This seminar will address rational, evidence-based clinical practice in the care of patients with schizophrenia and other psychotic disorders, bipolar disorders, major depression, and severe anxiety disorders, based on critical assessment of the research that guides clinical practice.
It will review the use of psychotropic medicines used to treat most major psychiatric disorders, considering short- and long-term efficacy and dosing of antipsychotic, mood-stabilizing, antidepressant, and antianxiety agents, as well as their adverse effects. It will consider the effectiveness and clinical value of the various types of antipsychotic drugs, treatment options for the various phases of bipolar disorder, and of major depressive and anxiety disorders, for both acute episodes and for long-term prophylaxis. The educational presentation will be in seminar format and include lectures, participant discussion, and Q&A.
Upon completion of this activity, participants will be able to:
– Describe and critically evaluate the evolution of clinical psychopharmacology over the past half- century, its current status, and future prospects;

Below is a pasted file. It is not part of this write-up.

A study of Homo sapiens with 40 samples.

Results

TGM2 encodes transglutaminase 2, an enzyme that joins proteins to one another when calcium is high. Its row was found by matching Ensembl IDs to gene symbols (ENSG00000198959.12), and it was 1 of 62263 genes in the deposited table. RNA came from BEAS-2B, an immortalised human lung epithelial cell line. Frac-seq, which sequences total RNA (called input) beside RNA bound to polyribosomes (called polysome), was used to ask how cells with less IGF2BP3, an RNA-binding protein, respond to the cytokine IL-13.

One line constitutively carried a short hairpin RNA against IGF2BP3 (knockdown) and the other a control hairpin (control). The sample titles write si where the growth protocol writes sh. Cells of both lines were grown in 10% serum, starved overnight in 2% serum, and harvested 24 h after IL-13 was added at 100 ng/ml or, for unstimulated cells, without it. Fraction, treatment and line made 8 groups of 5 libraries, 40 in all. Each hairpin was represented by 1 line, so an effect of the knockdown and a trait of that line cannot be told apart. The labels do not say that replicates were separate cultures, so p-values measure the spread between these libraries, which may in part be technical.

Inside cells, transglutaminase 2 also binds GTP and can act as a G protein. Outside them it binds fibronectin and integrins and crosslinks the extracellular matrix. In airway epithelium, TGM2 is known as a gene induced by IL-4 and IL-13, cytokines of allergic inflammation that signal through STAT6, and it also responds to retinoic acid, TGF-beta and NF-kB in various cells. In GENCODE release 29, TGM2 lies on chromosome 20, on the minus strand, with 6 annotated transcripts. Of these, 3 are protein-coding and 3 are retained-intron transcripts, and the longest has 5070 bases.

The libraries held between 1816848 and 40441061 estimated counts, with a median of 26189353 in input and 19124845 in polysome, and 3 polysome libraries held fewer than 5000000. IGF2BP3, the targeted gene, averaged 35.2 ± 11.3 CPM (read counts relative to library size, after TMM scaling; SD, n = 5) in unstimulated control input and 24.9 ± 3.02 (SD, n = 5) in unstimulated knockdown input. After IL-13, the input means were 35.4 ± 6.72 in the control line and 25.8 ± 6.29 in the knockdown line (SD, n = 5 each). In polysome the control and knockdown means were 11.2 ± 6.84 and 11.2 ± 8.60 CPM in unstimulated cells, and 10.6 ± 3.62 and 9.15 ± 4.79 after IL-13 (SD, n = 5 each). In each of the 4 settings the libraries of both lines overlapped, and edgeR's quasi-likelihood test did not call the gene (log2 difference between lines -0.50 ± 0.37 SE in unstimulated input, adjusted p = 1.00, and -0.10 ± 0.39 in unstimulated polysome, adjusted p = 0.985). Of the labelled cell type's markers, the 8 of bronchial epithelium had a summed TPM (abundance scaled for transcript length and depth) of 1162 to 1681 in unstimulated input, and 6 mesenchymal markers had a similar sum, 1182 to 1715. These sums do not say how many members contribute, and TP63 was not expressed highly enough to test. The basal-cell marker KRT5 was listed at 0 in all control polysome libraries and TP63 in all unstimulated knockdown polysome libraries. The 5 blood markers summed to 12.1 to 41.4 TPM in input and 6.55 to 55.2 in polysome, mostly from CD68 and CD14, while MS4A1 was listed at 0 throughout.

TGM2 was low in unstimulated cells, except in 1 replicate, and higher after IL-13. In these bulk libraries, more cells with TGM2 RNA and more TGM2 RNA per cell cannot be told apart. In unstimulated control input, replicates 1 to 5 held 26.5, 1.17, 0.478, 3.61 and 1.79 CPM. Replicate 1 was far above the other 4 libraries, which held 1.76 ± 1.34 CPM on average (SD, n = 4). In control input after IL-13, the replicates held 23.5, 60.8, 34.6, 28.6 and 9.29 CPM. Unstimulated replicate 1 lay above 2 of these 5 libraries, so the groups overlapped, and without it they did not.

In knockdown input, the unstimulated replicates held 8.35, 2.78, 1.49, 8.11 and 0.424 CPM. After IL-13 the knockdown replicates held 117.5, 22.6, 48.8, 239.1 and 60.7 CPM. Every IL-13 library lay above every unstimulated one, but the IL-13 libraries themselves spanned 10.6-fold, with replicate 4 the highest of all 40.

– Evaluate evidence supporting short and long-term treatment of patients with schizophrenia and other psychotic disorders;
– Determine when to employ options for treatment-resistant illnesses;
– Appreciate relationships between treatment with psychotropic drugs and risk of suicide and other causes of increased mortality in psychiatric patients;
– Improve skills in avoiding, limiting and managing risk of adverse effects of each class of psychotropic drugs;
– Critically evaluate clinical practices involving psychotropic drugs and develop strategies to improve the effectiveness and satisfaction of clinical practice;
Ross J. Baldessarini, MD, DSc (hon.) is a Professor of Psychiatry and in Neuroscience at Harvard Medical School and Director of the Psychopharmacology Program and International Consortium for Bipolar Disorder Research at McLean Hospital.